Assimilation is a natural process which happens in every language: one phoneme is turned into another because of the influence of a neighbouring sound. So, this stands at the very centre of connected speech.
The most common type of assimilation is regressive, that is, it operates backwards: the phoneme undergoing the change is influenced by the sound that comes after it. For example, the phrase that man [ ðæt ˈmæn] might be pronounced [ ðæp ˈmæn] because, since /m/ is a bilabial , the plosive alveolar /t/, which is placed immediately before it, becomes a bilabial as well (the also plosive /p/).
One crucial thing is that assimilation is mainly carried out unconsciously, so speakers don’t normally realize what they are doing and tend to be surprised -even indignant- when told that the actual sounds they produce don’t always match the spelling.
But why, you may well ask, does assimilation happen at all? The reason is quite simple: our articulators (tongue, lips, teeth, etc.) have to move from one position to another -from /n/ to /b/, for example-, but certain changes are difficult to make in the required time, so they take a shortcut.
Let’s see this case in detail, as an example:
One boat Un barco
Changing from alveolar /n/ to bilabial /b/ is not easy because it involves too much movement in the mouth. It can only be done accurately in slow, careful speech. If we are speaking rapidly we turn the alveolar nasal /n/ into a bilabial nasal /m/, so that we are already prepared for the bilabial /b/. In short, we skip one step (alveolar) and go directly to the next one (bilabial). That’s why we normally say:
ǀ wʌm ˈbəʊt ǀ ǀ um ˈbarko ǀ
And that’s also why, in Spanish, the prefix en becomes em when it’s followed by bilabials p and b (empaquetar, embotellar). As you see, it’s a completely natural process.
There is also a progressive assimilation, in which a phoneme is changed because of the influence of a preceding sound: open /ˈəʊpən/ and ribbon /ˈrɪbən/ can be pronounced /ˈəʊpm/ and /ˈrɪbm/ (the /ə/ is dropped and the bilabials /p/ and /b/ turn the /n/ (alveolar) into the bilabial /m/. Notwithstanding its inclusion in academic books and treaties, the importance of progressive assimilation is really marginal to the interests of the English speaker, so we’ll disregard it and concentrate on the first type.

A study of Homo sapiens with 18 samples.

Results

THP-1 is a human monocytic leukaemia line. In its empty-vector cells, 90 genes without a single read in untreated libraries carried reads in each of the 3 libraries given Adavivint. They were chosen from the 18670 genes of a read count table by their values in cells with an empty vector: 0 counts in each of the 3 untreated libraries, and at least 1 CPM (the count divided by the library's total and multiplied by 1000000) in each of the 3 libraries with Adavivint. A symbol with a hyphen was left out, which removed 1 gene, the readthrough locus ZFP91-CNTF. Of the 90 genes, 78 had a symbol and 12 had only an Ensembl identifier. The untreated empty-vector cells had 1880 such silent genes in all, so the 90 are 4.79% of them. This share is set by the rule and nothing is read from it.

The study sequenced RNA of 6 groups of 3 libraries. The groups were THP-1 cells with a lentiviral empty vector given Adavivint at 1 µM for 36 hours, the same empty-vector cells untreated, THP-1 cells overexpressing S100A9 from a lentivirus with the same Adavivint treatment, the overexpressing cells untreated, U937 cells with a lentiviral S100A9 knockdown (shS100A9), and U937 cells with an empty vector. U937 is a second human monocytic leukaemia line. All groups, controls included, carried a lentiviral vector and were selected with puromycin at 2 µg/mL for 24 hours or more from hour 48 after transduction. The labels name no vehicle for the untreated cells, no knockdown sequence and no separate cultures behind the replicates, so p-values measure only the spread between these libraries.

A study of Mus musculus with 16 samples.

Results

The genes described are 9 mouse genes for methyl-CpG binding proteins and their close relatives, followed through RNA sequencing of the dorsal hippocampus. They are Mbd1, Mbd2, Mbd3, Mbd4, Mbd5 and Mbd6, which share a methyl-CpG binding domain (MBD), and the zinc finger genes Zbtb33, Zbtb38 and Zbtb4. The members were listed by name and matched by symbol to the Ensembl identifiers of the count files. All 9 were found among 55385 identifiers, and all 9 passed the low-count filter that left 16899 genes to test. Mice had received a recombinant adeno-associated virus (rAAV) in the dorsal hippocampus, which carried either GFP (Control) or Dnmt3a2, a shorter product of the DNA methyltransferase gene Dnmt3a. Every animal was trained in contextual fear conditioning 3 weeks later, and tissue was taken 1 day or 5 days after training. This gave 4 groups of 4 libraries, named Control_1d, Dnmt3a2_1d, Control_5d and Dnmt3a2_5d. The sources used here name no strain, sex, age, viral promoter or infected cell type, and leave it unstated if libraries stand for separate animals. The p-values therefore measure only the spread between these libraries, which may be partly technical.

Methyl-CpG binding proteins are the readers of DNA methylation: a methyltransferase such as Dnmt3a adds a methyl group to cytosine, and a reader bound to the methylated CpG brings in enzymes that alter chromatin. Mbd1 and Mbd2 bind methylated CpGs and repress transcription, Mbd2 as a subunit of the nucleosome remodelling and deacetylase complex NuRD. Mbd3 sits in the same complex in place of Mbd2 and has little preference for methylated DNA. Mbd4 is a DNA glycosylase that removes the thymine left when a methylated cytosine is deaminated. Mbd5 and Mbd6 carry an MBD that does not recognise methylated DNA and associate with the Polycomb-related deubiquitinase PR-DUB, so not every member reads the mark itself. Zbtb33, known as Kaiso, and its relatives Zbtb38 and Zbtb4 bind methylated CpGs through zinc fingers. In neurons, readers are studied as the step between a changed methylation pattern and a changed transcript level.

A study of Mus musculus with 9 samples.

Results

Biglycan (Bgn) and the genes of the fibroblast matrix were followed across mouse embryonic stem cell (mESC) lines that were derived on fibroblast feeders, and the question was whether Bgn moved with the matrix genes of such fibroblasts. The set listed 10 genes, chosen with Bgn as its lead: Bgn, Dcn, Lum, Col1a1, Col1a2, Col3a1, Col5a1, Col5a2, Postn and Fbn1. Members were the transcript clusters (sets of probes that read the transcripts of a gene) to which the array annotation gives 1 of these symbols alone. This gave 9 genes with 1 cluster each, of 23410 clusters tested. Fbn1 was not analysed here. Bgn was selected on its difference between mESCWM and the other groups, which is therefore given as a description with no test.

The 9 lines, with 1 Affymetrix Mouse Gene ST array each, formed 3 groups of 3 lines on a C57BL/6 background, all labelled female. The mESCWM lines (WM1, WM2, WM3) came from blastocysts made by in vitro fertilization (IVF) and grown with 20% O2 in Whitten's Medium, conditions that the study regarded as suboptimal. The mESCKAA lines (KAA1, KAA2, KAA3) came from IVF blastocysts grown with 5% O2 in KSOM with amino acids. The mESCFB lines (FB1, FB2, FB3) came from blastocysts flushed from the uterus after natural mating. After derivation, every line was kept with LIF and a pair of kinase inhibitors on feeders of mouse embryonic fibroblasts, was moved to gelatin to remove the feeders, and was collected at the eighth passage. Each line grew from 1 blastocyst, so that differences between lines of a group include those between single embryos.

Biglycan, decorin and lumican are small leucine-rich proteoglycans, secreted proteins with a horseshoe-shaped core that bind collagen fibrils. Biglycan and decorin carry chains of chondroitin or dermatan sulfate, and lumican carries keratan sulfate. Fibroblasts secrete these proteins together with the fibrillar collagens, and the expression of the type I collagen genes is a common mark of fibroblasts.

And now comes a crucial question:
Is assimilation obligatory? No it isn’t. But it’s natural and it makes the speaker sound more fluent. One important point is that it doesn’t have to be done all the time, that is, on every single occasion. But, by the same token, a speech totally deprived of assimilation sounds very artificial, even stilted.
Listen to this interesting recording:
This is now going to be a struggle between the good guys and the bad guys. Now the army, he says, the army top brass are the bad guys, the small number of intellectuals who are campaigning to reopen the trial are the good guys (Robert Gildea, BBC4).
The speaker doesn’t assimilate the phoneme /d/ to a /g/ in the phrase good guys, but he does do it in bad guys. So he says
ǀ gʊd gaɪz ǀ but
ǀ bæg gaɪz ǀ
Why does he choose to do it so? This is probably a matter of personal taste or habit, or it might depend on the moment, the pace of the speech or other factors. Actually, it doesn’t matter. Some speakers consistently assimilate certain sounds and not others, and the same can be said about some expressions or combinations of words. The fact that someone pronounces should go as ǀ ʃʊg ˈgəʊ ǀ doesn’t mean that he or she assimilates every /d/ to a /g/ when it’s followed by a velar. What is certainly true is that assimilation is extremely common in the speech of native speakers and that it makes non-native speakers sound more natural as well.
In the following articles, we are going to study different cases of assimilation. On the face of it, the prospect might seem daunting, but once you get started you’ll realize that actually it’s quite easy. What you’ll probably feel is a sense of relief. Assimilation is a very natural phenomenon, so you’ll speak more freely and comfortably knowing that those changes are perfectly correct and even expected. You’ll also understand native speakers better.
Three points to remember
The cases we are going to study have a number of common features. Keep the following three points in mind (it would be useful to have this table at hand):
- Alveolar. All the sounds subject to variation here are alveolar: /t/, /d/, /n/, /s/ and /z/. Alveolar consonants are especially unstable in English.
- Place of articulation. In the majority of cases, the only change these sounds undergo is one of place of articulation. E.g., /t/ (alveolar) can become either /p/ (bilabial) or /k/ (velar). The manner of articulation remains the same (plosive or fricative) or changes very little (from plosive to affricate).
- Voicing. Crucially, the voicing remains unchanged. Voiceless /t/ can turn into voiceless /p/ and /k/. Voiced /d/ can become voiced /b/ and /g/. There is only one case in which there is a change of voicing (from /z/ to /ʃ/). If you keep in mind this point, you’ll find these processes much easier to learn.